Borrowing from the thought of “What would the world be like without black people?” I ask ‘what would the schools be without students?’ These are only rhetorical questions that need not be answered.

No child should be left behind. When you see a bus driver, thank him or her and do it sincerely.

We can all use a genuine "thank you" from time to time. It makes us feel good and we become recharged, motivated and excited to continue our journey of serving others.

We are all in this together and we must discover ways that our students win on every side of their academic lives. The first thing is to get our students to school safely every day.

With the recent developments in Orangeburg County School District’s discrepancies in pay for bus drivers and claims of bus drivers not being paid at all, we must sympathize with them as everyone has bills to be paid that are labeled with due dates, harassing creditors and threats of loss.

On the other perspective, we must also recognize the birth of a new school district being consolidated into one. Growth takes time. Innocent mistakes are inevitable.

This is no excuse for what happened. Yes, metaphorically speaking, the new superintendent and his financial personnel deserve a little spanking on the hand as a reminder that this should not happened again.

But what the superintendent does not deserve is antagonistic energy plotting against his efforts in constructing a solid school system that has the best interest of the students at heart. We want our students to win. In order for our students to win, we must allow the superintendent time to craft, organize and implement a blueprint of administrative procedures and protocols to be established from budgetary issues to busing our students to school so that no child is left behind.

We must not build animosity. We must not hold grudges. We must be forgiving and let go of the hurt, pain, and disappointment of this rare, usual and isolated experience.

In moving forward as a district, we must be thoughtful, reasonable and rational in dealing with others.

Conflicts happen. Mistakes occur. Miscommunications take place. These are the flaws of life.

The greatest news that comes from all of this is that everyone in Orangeburg County now knows that the district has a superintendent who is honest, transparent and approachable.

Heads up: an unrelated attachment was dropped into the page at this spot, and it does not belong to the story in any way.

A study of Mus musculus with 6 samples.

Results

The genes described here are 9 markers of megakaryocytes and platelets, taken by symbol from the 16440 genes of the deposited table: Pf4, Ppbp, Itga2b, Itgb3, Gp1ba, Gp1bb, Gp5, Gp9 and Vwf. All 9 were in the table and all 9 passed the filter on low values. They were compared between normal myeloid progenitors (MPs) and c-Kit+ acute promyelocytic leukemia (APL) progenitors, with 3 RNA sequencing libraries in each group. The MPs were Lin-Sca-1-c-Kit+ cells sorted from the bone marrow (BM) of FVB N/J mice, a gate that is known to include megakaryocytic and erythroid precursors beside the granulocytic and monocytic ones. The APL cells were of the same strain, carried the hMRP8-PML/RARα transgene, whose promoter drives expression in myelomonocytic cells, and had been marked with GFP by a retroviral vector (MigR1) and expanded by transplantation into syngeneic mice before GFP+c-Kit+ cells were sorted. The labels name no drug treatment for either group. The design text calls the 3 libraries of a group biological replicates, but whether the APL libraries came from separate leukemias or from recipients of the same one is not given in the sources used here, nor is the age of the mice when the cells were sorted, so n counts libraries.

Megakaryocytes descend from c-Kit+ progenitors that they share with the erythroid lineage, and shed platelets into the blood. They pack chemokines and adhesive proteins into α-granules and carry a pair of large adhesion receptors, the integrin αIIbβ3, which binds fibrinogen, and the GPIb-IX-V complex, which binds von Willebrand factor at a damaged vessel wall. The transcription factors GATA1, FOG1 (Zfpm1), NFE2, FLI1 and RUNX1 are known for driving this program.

When a man of Dr. Darrell Johnson’s status comes forward, admits a lack of inadvertent vigilance and apologizes publicly, in him, we see a man who has a mark of great leadership through the lenses of being trustworthy, fair and caring.

May the hearts of those caring and dedicated bus drivers affected by the mistakes be healed real soon.

Thanks for their patience, their integrity, and their boldness to march forward to claim what they rightfully felt was theirs. While all of this could have been easily avoided with clear, timely and accurate notifications to all bus drivers, it did not happen in the way they desired.

At the end of the day, everyone should be willing to accept the superintendent’s apologetic confession. We ought to hail such great character, humility and professionalism with high esteem.

Must we be reminded that we all make mistakes? We all need the grace and mercy of others. Remember: “We Are One!”

For the sake of all the children in Orangeburg County School District, everyone must work together. Remember, it was South Carolina’s native daughter, the legendary Dr. Mary McLeod Bethune, in her last will and testament, who urged each of us to live harmoniously with one another. Let’s do that.

Don’t forget to thank a bus driver. Without them, our collective effort to educate the children in South Carolina and beyond becomes nearly impossible.